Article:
Postby chris_on_tour2002 » Sat Aug 06, 2011 12:22 pm


I am trying to isolate a circuit to move a socket in a floorbox. The MCBs at the consumer unit are labelled up but there are I have a choice of four to choose from for the circuit I need to isolate.

Now of course one could ordinarily just flick all switches one by one until I hit the right one and then remove the cartridge from the board to be certain that it's dead. Problem is, however, that one of the circuits powers a server and if I take it out I would not be very popular.

I tried using a socket tester with an RCD trip tester but the it won't trip. Silly question perhaps but are these trip testers likely to trip the MCB first or the RCD?

In any case the trip tester is not tripping anything, I've used two testers, one is telling me that there is a fault with the earth volts (fault >50v) and another just reports a fault no trip.

I'm using the plug-in type, are they any good for this? And is there any other safe way of determining which circuit I need to isolate at the board without just switching it all off?

Cheers for any advice,


Although it is common to isolate circuits by switching the MCB this is really only permitted with a TN-C-S earth system as with a TT earth system the neutral may not be at earth potential. Even a TN-S may be a problem. As an electrician we will often just use the MCB but then treat the circuit as if we were working on it live.

As to a RCD tester they will not trip a MCB they would normally be used 6 times on each circuit twice to show it will not trip, Twice to show it will trip, and twice to show it trips in the required time. Reason for twice is one is with pos half cycle the other with neg half cycle. A plug in tester like the Socket & See SOK36 Professional Socket Tester, does a test similar to pressing the test button on a RCD and does not really do a full test on a RCD.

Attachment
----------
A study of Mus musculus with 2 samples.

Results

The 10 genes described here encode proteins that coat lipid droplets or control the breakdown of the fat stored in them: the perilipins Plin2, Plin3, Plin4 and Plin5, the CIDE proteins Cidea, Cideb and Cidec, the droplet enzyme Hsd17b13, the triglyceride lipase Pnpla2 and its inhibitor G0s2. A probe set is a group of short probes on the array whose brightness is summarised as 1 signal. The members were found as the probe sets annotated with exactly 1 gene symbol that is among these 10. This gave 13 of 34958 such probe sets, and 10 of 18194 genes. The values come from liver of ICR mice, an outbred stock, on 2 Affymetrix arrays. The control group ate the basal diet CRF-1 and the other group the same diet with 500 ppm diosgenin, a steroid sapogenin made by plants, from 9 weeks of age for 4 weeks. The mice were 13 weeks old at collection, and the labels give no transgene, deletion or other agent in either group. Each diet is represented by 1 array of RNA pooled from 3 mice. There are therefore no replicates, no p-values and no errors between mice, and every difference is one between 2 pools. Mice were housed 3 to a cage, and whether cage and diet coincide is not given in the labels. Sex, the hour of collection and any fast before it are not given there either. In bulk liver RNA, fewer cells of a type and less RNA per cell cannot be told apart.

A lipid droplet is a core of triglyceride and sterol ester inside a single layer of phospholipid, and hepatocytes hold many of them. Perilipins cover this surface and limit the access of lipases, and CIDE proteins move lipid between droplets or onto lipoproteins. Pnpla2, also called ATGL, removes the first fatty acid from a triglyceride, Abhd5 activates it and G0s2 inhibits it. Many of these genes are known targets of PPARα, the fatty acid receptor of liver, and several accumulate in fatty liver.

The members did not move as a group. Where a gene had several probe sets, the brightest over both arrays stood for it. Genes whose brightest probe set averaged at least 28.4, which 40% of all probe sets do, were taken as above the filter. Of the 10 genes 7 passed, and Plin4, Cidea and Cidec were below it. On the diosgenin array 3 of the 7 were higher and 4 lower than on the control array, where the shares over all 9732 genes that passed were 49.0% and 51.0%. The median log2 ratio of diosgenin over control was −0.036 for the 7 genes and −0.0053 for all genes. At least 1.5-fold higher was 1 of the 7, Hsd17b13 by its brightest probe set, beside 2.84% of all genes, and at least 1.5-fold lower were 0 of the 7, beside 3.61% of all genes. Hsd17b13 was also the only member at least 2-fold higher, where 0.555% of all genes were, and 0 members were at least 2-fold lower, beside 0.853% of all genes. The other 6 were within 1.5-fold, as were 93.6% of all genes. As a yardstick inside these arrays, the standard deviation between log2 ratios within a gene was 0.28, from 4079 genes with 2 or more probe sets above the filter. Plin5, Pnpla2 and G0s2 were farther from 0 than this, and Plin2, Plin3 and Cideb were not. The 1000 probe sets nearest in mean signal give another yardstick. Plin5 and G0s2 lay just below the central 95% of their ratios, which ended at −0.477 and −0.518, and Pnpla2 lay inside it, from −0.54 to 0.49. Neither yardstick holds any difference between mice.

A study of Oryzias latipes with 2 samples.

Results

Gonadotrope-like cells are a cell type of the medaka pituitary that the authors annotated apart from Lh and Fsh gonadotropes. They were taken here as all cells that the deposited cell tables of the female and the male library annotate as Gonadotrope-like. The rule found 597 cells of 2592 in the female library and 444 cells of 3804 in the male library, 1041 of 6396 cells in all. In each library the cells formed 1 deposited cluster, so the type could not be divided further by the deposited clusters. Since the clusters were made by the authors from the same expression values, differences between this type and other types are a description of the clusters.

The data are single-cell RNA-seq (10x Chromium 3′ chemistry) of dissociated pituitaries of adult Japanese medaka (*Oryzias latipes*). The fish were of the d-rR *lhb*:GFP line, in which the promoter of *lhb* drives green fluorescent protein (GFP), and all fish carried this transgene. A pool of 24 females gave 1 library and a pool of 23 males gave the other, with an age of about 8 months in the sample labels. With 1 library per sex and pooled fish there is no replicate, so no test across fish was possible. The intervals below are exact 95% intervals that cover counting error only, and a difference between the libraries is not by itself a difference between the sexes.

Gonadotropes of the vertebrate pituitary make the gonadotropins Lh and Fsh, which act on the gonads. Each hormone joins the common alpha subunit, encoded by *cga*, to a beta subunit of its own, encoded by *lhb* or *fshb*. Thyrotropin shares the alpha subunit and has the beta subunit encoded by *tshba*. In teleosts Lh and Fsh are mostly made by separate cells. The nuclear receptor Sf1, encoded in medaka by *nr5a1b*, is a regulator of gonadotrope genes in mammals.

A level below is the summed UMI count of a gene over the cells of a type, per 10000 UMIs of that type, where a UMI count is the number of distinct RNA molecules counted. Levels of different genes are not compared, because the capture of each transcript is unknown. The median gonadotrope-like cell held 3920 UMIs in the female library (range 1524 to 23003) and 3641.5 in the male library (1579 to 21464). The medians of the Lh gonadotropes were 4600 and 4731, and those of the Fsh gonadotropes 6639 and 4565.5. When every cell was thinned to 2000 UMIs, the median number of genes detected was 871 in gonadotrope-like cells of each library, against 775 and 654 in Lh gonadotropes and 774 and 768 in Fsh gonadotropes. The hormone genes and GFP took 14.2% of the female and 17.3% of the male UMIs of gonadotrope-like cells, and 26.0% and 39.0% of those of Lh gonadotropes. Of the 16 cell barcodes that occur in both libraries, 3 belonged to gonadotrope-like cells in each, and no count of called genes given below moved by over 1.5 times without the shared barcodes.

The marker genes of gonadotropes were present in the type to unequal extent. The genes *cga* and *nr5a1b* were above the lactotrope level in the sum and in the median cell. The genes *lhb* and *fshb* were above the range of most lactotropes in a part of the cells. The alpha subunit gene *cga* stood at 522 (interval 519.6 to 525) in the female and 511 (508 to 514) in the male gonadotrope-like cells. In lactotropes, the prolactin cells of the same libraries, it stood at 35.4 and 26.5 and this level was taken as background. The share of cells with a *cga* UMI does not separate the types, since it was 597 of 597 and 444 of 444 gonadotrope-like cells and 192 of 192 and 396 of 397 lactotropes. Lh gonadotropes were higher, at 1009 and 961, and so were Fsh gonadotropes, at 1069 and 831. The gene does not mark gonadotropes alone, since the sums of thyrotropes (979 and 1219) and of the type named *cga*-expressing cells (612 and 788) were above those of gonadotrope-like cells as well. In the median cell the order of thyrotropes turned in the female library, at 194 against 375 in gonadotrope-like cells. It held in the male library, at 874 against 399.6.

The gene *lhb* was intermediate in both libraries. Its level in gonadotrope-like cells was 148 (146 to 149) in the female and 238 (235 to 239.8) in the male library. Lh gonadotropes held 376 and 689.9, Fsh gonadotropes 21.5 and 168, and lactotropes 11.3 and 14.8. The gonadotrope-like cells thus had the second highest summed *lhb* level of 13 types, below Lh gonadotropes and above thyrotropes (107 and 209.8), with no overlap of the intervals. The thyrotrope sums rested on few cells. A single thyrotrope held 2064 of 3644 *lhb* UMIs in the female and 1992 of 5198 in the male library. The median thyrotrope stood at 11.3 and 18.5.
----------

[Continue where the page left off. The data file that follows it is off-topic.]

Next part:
In the past I have worked out which MCB supplies what by using a clamp on ammeter and putting a load on and off the circuit but to do this requires one often to go into a live board and health and safety rules mean this is often not permitted. Again we break rules and it is something which has come up many times. Some companies consider testing as not working other consider testing as working and the HSE will not allow us to work on live circuits.

When you say "one of the circuits powers a server" I assume you are at work and therefore you would have to be an electrician to do this work under HSE rules? I have had the can't turn of server argument before and I had to point out I was not asking permission to turn it off that was going to happen all I was doing was asking what time would suit best. If the server is really important it will be one a UPS if not on a UPS then the IT department clearly consider it's not important.

Although in theory one does not have to modify an installation to conform with new regulations, one still does need to do a risk assessment and show one paper either why it is not going to be up-graded or show it is ear marked for up-grading at some future date. As an in house electrician we often don't follow the rules as to inspection and testing and paperwork keeping but if anything goes wrong the management are very quick to point the blame.

I would advise you to point out to management that 514.1.1 requires labels and you will need to isolate items in order to comply. If you are not employed as an electrician likely your not covered by insurance. Although I was a qualified electrician and had worked for the company as such, when I moved sites I was employed as a mechanic to allow me to be paid more. However when the electrical engineer looked into it he realised the insurance problem and with all electrical work I had to officially assist another electrician even though in real terms he was helping me.

Yes a boss may turn a blind eye to some one doing work for which they are not employed. But if anything goes wrong its "I don't know why he was doing it" when questioned by HSE. You don't sound as if your an electrician if your not employed as an electrician don't touch.

At home can't see why one would be worried about a server?